OnDeck Initial Public Offering Could Score In Wake Of Lending Club
These two companies are on the front of the alternative financing industry. Since the 2007-2008 financial crisis, banks have steered away from small loans to consumers and businesses in favor of larger asset backed financing opportunities.
20 years ago, Bill Gates gibed, “Retail banks are dinosaurs.”
Today, consumers still wait in line to apply for loans at traditional banks like back in the 1990s, but lately it seems as if all that is about to change thanks to technology and rising rising loan demand.
The traditional loan process through banks is timely, clunky and doesn’t always provide the borrower with the best results. OnDeck is the solution, creating an efficient and convenient way for small businesses to access capital.
How OnDeck Works
OnDeck’s easy to use online platform allows small businesses to apply for a term loan or line of credit on its website. With its proprietary OnDeck Score, it provides a funding request within 10 minutes to 4 hours and transfer funds as quickly as the same day.
Traditional lenders can take up to four weeks to process loans. OnDeck’s proprietary risk assessment algorithms and analytics collect and evaluate thousands of data points from different data sources to appraise the creditworthiness of small businesses quickly and correctly.
During repayment, the company collects a small fee from the borrower’s checking account each day.
OnDeck services short-terms loans to small and medium-sized businesses ranging from $5,000 to $250,000 maturing in three to 24 months. The company’s borrowers include 700 industries such as restaurants, retailers and various service providers in all 50 states.
Using data from the FDIC, the company notes there were $178 billion business loan balances below $250,000 in the U.S. at the end of Q2. Consulting firm Oliver Wyman projects a potential $80 to $120 billion in demand for small-business lines of credit.
OnDeck has originated more than 48,000 loans to 25,000 business owners totaling more than $1.7 billion since its 2007 inception. Even though OnDeck has yet to make a profit, net losses are declining and revenues more than doubled over last year.
The company reported net revenue of $107.6 million for the nine months ended September 30, up 156 percent from previous year. It had a net loss of $14.4 million, which is less than the $18.7 million loss over the same time period in 2013.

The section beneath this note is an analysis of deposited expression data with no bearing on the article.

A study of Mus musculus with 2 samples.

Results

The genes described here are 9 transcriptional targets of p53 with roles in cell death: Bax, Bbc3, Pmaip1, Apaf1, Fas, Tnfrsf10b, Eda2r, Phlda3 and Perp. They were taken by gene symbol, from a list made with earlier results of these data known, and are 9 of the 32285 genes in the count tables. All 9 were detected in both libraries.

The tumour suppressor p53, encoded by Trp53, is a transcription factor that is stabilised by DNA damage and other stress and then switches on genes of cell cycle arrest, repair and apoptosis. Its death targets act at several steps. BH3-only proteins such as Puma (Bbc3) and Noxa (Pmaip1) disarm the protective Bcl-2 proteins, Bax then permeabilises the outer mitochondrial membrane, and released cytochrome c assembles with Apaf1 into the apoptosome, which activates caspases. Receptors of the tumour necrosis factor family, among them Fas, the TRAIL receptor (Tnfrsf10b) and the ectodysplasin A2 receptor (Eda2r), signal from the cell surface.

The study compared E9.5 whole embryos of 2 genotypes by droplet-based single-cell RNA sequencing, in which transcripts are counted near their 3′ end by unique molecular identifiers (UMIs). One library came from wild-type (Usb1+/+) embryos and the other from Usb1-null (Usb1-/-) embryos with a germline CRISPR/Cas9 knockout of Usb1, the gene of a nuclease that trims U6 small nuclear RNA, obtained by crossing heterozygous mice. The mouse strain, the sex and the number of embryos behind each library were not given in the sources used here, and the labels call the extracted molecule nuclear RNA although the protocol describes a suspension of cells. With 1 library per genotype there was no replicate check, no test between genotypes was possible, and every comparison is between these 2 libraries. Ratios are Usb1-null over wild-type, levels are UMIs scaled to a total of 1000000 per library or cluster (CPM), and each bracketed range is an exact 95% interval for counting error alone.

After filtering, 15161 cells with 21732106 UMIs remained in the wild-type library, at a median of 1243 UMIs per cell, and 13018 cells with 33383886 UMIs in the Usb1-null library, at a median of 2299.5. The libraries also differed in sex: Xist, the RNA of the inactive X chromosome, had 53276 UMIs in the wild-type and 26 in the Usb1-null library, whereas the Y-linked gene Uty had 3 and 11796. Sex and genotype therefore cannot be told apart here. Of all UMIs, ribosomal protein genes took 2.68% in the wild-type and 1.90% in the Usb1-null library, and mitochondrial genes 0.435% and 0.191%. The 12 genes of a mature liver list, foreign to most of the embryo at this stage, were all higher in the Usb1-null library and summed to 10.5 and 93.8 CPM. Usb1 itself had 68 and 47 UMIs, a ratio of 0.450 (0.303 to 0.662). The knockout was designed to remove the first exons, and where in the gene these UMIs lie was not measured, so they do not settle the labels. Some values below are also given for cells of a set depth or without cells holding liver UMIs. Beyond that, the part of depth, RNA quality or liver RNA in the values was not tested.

OnDeck increased its product portfolio by offering a line of credit option for $10,000 to $20,000. It earns interest on the outstanding balance and collects a monthly fee. The company began earning revenue in October 2013 by selling term loans to third-party institutional investors through its service OnDeck Marketplace. OnDeck’s average loan size is $44,602 and average line of credit is $15,944. About 93 percent of OnDeck’s revenue this year originated from interest payments on loans.
OnDeck’s lending model is a little differing from others in the alternative lending space. Other online lenders (Lending Club and Prosper) utilize a marketplace model to bring together lenders and borrowers and then takes a fee on the transaction. OnDeck differs by taking more risk as a balance sheet lender. Just like a bank, it needs capital to lend which it generally collects from a number of sources such as institutions, debt securities and from money made by charging interest.
Interest rates charged are considerably high, between 30 percent to 56 percent on an annualized basis, to help make up for some of the balance sheet risk associated with creating the loans. OnDeck also takes interest payments every day from the businesses it lends.
Dan Ciporin, a general partner at Canaan Brothers says, “If you’re earning interest income, the goal is to get the cost of capital as low as possible and make a priority of a higher interest product going out.” Among the company’s backers include Institutional Venture Partners and Google Ventures.
Alternative lending makes up a small fraction of loans in the United States today and with the very recent success of Lending Club, there is a certain level of legitimacy these IPOs create for the industry.
Proceeds of the offering will be used for marketing, working capital, data analytics improvement, and to fund loans made to customers.
OnDeck will list its shares on the New York Stock Exchange under the ticker, “ONDK.”
Lead underwriters Morgan Stanley, Bank of America, and JP Morgan will offer 10 million shares and expect to price them between $16 and $18.
Disclosure: At the time of writing, the author holds no positions in any mentioned securities.